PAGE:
By Staff Reporter
November 22, 2019 (Ezega.com) -- Ethiopia will launch its first satellite into space on December 17, 2019, at 6:21 AM morning with the assistance of China, according to Dr. Engineer Getahun Mekuria, Minister of Innovation and Technology.
Briefing journalists on Friday, November 22, 2019, the minister said the satellite called Multi-Spectral Remote Sensing Satellite ETRSS-1 will be launched from China while the control and command station will be in Ethiopia
“The ETRSS-1 which weighs 70kg will be launched in partnership with China with the command and control center in Ethiopia at the Entoto space observatory facility located on the outskirt of Addis Ababa,” he said.
He stated that the main focus of Ethiopia’s first satellite will be to gather data inputs related to water, agriculture, climate change, and environmental protection. Currently, there are 20 Ethiopian engineers involved in the launching and design of the first satellite.
According to Getahun, the satellite will be positioned at 80-degree latitude around Ethiopia and east and West African countries.
“Our main goals by launching this first satellite are two. The first one is to build technology application capacity and skills of our engineers through collaborations with different countries’ space scientists and institutions. So that they will be in a position to design, build and launch the second satellite independently.
The second one is the direct support the first satellite gives to the social and economic development in terms of saving the money the country is currently spending on buying data, such as climate data,” he said.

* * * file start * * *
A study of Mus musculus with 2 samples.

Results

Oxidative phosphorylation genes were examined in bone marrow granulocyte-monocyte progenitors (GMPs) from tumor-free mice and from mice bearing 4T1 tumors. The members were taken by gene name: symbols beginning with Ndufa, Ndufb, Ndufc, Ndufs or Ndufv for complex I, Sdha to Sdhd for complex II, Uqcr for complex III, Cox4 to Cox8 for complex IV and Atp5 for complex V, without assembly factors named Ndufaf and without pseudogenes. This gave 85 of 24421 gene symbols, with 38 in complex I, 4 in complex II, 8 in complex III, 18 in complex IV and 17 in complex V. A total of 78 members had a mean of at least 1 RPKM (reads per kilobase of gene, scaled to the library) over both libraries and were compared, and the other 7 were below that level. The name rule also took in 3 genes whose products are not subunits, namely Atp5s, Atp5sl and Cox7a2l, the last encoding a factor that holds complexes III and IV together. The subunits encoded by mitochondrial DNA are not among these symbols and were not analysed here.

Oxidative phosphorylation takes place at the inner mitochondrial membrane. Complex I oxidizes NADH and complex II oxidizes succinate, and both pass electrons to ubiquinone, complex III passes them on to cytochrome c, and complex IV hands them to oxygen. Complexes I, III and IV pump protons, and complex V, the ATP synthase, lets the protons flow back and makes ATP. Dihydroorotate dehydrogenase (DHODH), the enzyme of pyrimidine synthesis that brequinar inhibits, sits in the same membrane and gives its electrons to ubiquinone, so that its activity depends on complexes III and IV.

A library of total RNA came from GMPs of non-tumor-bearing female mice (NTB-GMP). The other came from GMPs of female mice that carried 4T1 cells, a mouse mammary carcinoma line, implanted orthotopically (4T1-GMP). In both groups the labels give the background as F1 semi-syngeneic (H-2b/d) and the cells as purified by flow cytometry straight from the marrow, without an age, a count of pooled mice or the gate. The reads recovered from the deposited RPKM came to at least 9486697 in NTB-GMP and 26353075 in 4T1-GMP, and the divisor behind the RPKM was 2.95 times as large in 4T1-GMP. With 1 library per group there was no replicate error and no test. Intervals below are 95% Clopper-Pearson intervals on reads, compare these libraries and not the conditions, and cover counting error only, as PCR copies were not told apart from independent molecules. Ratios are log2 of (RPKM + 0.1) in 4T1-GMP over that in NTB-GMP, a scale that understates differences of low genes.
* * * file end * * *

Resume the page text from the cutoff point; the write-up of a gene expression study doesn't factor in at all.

Reports show that in Africa, South Africa and Algeria have already launched their own communication satellite to the orbit so far, while Egypt launched its first satellite on Wednesday, November 21, 2019.
In addition to the 20 Ethiopian space engineers, currently, there are some 60 Ph.D. and MA students at the Addis Ababa University Space Science and Technology Institute, which is teaching them in collaboration with Entoto Observatory and Research Center, many universities from across the world.
Astronomy and Astrophysics, Space Science ad Application, Remote Sensing ad Geodesy are the four major areas the students are currently studying. Students from other African countries such as Rwanda and Tanzania are also among the students.
The satellite is estimated to cost Ethiopia around $8 million without taking into consideration insurance and training costs. The cost reportedly includes the design, development, and manufacturing of the satellite, which is done by both Ethiopian professionals and their Chinese partners.